31 thoughts on “Anglo-Saxon seax compared to 19th century Bowie knife

  1. Mike Taylor says:

    the bowie was used quite often for slashing that is why most bowie handles taper to the front the pommel was thicker so you didnt loose it while slashing the one use for the seax was used under the shield wall where a full length sword was unwieldy. the bowie was a duel use knife.

  2. PalleRasmussen says:

    Good old Binsey. His order book is always full up for whatever reason 😉 Probably because his stuff is damn fine.

    There is actually a guy in Denmark, who is at least his equal, probably better- best smith I ever saw in any case; Eyvin.

  3. wolschou says:

    So if i i understand you correctly, if you were to add some kind of guard to the hilt you are going to put on your seax, and maybe put a bevel on the back, it could indeed be usefully employed as a Bowie?

  4. Fredrick Rourk says:

    Years ago some friends and I did a competition to see which knife design was best all around.
    Dadley Knife vs Kephart vs Nessmuck, vs Bowie, vs Roach Knife vs English Trade Knife, and vs French Trade. The Dadley Design was picked the winner. Kephart was 2nd.

  5. Jón Gestur Björgvinsson says:

    g'day Matt. Watched a ton of your videos so I've come to know your opinion on reenactment weapons. I was however still wondering if you have a different opnion or variant of your feneral opinion on Binns reenactment weapons? A question close to heart because I am a reenactor with a longseax (single"edged" "viking" sword) made by Paul Binns.

  6. Robert R says:

    I don't like the term "Dark Ages" because people seem to conflate it with the Middle Ages as a whole. I prefer "Early Middle Ages" because, even if people don't know about the period, it's clear that that's not the case.

  7. Joe Cheavens says:

    More on point with regards to your analysis – I suppose that if you have read Bernard Cornwell's "Saxon Stories" that you might feel almost as annoyed by the portrayal of the use of the Seax in the shield wall as a Saxon Gladius as you might be the depiction of the round shield as being a strapped shield or Cornwell's depiction of leather armor as the default armor for those who can't afford maille.

  8. Joe Cheavens says:

    Great video, as usual. Just a couple of thoughts on the term "Dark Ages" – I suspect that much of the opposition to the continued use of the term stems from the context of its original intent when adopted by Renaissance historians, which was to denote a period of savagery devoid of the light of culture in comparison the Renaissance historians perception of their period being the rebirth of civilization. I feel that the term Dark Ages to reflect a period in which historians have very little solid documentary evidence is a more contemporary reinterpretation of the term that is, as you stated, an accurate description of the period in question.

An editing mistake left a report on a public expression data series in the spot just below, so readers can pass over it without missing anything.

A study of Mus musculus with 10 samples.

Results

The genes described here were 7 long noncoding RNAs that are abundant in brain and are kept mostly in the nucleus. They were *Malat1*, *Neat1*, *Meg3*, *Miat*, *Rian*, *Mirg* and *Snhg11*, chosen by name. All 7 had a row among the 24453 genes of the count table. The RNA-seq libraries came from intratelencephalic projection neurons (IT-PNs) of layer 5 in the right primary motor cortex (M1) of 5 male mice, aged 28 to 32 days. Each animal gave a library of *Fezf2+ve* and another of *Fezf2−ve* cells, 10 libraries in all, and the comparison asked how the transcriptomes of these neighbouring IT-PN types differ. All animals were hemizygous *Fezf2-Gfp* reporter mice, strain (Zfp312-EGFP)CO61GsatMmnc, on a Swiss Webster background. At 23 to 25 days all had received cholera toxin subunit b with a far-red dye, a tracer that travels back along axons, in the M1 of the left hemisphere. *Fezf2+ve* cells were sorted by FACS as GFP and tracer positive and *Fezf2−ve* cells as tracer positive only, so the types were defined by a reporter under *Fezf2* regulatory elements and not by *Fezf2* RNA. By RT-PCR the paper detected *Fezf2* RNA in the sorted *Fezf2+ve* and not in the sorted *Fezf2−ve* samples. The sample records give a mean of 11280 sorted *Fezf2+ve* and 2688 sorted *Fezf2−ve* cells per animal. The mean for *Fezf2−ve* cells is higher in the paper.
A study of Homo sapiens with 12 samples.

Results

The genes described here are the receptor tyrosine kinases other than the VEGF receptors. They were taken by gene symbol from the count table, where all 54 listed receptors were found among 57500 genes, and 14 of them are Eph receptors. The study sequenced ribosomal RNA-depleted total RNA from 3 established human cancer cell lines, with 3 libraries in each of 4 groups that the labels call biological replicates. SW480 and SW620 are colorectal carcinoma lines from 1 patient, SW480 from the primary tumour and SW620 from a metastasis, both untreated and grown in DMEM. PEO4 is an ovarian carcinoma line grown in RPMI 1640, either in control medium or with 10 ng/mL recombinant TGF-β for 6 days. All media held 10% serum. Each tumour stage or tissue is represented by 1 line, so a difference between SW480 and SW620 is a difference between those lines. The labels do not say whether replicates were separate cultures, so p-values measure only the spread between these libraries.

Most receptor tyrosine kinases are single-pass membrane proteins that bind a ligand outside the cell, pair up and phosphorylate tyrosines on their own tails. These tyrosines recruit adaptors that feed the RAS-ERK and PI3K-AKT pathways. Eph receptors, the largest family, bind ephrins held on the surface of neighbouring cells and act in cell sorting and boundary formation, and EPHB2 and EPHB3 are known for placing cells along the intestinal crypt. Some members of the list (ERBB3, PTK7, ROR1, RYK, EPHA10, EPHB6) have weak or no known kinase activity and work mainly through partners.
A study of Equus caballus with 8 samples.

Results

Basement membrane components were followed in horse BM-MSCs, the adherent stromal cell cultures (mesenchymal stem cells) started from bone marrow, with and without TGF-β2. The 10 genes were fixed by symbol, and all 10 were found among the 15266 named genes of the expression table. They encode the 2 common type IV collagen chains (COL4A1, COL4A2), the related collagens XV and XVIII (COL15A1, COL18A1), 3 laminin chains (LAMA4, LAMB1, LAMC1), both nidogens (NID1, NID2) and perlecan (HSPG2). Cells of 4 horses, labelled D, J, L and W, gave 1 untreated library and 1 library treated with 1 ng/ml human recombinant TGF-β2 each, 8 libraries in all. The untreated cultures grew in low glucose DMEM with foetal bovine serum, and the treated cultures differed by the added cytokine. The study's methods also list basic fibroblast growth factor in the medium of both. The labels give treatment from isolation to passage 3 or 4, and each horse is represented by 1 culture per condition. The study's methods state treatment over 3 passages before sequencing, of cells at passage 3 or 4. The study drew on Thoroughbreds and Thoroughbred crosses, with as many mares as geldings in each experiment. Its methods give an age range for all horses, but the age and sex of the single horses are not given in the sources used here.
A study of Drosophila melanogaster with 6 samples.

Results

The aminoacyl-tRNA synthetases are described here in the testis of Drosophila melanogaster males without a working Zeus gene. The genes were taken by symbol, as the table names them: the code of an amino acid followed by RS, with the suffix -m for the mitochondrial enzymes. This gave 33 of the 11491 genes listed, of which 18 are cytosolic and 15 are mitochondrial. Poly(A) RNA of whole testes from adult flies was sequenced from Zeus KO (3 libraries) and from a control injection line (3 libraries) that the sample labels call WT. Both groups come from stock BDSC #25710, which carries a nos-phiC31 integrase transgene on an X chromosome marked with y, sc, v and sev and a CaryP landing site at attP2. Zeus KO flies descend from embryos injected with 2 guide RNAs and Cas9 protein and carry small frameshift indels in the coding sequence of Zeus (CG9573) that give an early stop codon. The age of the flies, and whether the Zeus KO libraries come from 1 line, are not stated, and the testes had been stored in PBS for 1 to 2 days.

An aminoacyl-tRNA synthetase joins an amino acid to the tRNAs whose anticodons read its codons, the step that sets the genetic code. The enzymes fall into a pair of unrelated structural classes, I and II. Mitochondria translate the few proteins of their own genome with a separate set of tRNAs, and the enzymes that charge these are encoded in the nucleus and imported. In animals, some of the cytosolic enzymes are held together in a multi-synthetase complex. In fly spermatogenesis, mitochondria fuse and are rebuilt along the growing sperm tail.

9. Rockfield Langley says:

    I've recently found your channel, and I have enjoyed learning from your great videos. My understanding is that the very earliest bowies did not have hand guards, but that large hand guards were quickly added after it's adoption. The guards grew smaller (like on your example) over the year's as it the weapon transitioned to a more camp knife role. I grew up in the ArkLaTex area and had the privilege of seeing early examples as a kid. What's interesting is just how similar to the SEAX some of the early Bowies looked!

  10. Sam Farnsworth says:

    Thanks for this. Have you seen a Canadian blade? Canadian Knife maker Russell/Grohmann make a perfect example: the jump knife. It was made for the Canadian Airborne troops in 1962. The Jump knife is more practical because it is smaller. But as far as a knife that is closer to the seax, Bark River Knives in Michigan, USA makes a line of Canadian style knives, the Camp knife being the largest. In case you don't know, the camp knife is close to the size of the seax and was carried by woodsmen in the past—it's chief function was an all purpose knife for camp chores from cutting kindling to preparing food. Anyhow, a Canadian blade has distinct features which are directly related to its function. One, it has an elliptical shape. This allows the user to hold the blade by the spine and use it as a hide-scraper. Two, it has a trailing edge that makes the tip slightly higher than the grip, which helps in skinning and de-boning animals. Bark River's Canadian Camp knife has a spine that is 1/4 of an inch thick. It is a very robust knife. And like the seax, the top bolster doesn't have a guard on it since it is primarily a cutting knife used for peaceful purposes. Thanks and Cheers!

  11. Whosoever says:

    The seax is very handy in the scrum of the shield wall most especially when it starts to break down and the spear can be an encumbrance to be frank.

  12. Benjamin Boyle says:

    I'm pretty sure that the broke back seax with the more rounded look to them are the original style. This is because if you take a bar of metal and just beat a bevel on to it that's the shape you get. A seax is essentially the absolute most utilitarian of blades, because its the simplest shape to make. The sharper clip of the broke back seax in this video is just the original shape with a little bit or art thrown in to make it prettier.

  13. M.D. Boncher says:

    You, Lindybeige, Hurstwic, ThegnThrand, Marobud and all the other medieval archeology/weapons channels are such a great credit to archeology. You've made my writing research so much more efficient. Thanks for all you do.